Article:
Kind of like building blocks, I’m taking what I learn and then adding to it. In this case, the original design for this core swager was 100 holes. Because of the warping problem, I divided the part into quarters and printed them separately. I still had some warping, but after printing the first few my ‘mentor’ suggested something that helped a ton! Since I knew the basic concept worked, and while I worked on solving the warping / shrinking problem, I printed enough pieces to make a whole top piece. Next step – combine them.
When I brought up glue, my ‘mentor’ seemed to scoff (if you can infer emotion in an e-mail without emoticons). Not glue, ABS slurry (pieces of ABS melted in acetone). Easy enough and I certainly have enough scrap ABS built up! While I don’t know the strength of the joint yet (it’s still drying), this is a common practice for 3D printers.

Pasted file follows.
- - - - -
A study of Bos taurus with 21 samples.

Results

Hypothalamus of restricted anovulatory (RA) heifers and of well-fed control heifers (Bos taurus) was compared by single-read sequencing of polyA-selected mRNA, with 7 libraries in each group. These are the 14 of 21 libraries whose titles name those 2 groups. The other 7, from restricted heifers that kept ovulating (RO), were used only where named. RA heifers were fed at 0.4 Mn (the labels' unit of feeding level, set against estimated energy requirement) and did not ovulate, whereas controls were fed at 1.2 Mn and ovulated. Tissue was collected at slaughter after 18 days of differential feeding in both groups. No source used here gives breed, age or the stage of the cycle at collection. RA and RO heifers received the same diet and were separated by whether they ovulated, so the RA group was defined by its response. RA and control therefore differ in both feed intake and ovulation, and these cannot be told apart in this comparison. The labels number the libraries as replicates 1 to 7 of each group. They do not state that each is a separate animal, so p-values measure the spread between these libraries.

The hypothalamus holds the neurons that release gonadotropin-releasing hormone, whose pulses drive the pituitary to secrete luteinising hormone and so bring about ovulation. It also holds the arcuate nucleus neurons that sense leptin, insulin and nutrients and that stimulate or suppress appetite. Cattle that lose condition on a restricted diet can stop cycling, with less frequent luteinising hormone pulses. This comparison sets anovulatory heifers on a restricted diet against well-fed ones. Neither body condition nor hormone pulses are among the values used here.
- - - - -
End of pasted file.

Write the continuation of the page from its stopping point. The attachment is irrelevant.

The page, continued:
The other obvious takeaway here is that 3D printing isn’t limited to objects that are the size of the build plate. Pieces can be printed and bonded as necessary to create a much larger object. Even a car! Check this out.
The pieces that make up this top plate of the core shaker are a hodgepodge of proofs of concept; the amount of warping on the bottom varies as I worked out the kinks. The white one? Yeah, that’s what happens when you’re tired & trying to get a print started before going to bed. I told it to use the wrong extruder (…that was loaded with white ABS instead of black). Oh well – great visual reminder for me to check all of the details twice (or, from an earlier post, ‘measure twice, print once’. Yes, sometimes I’m a slow learner.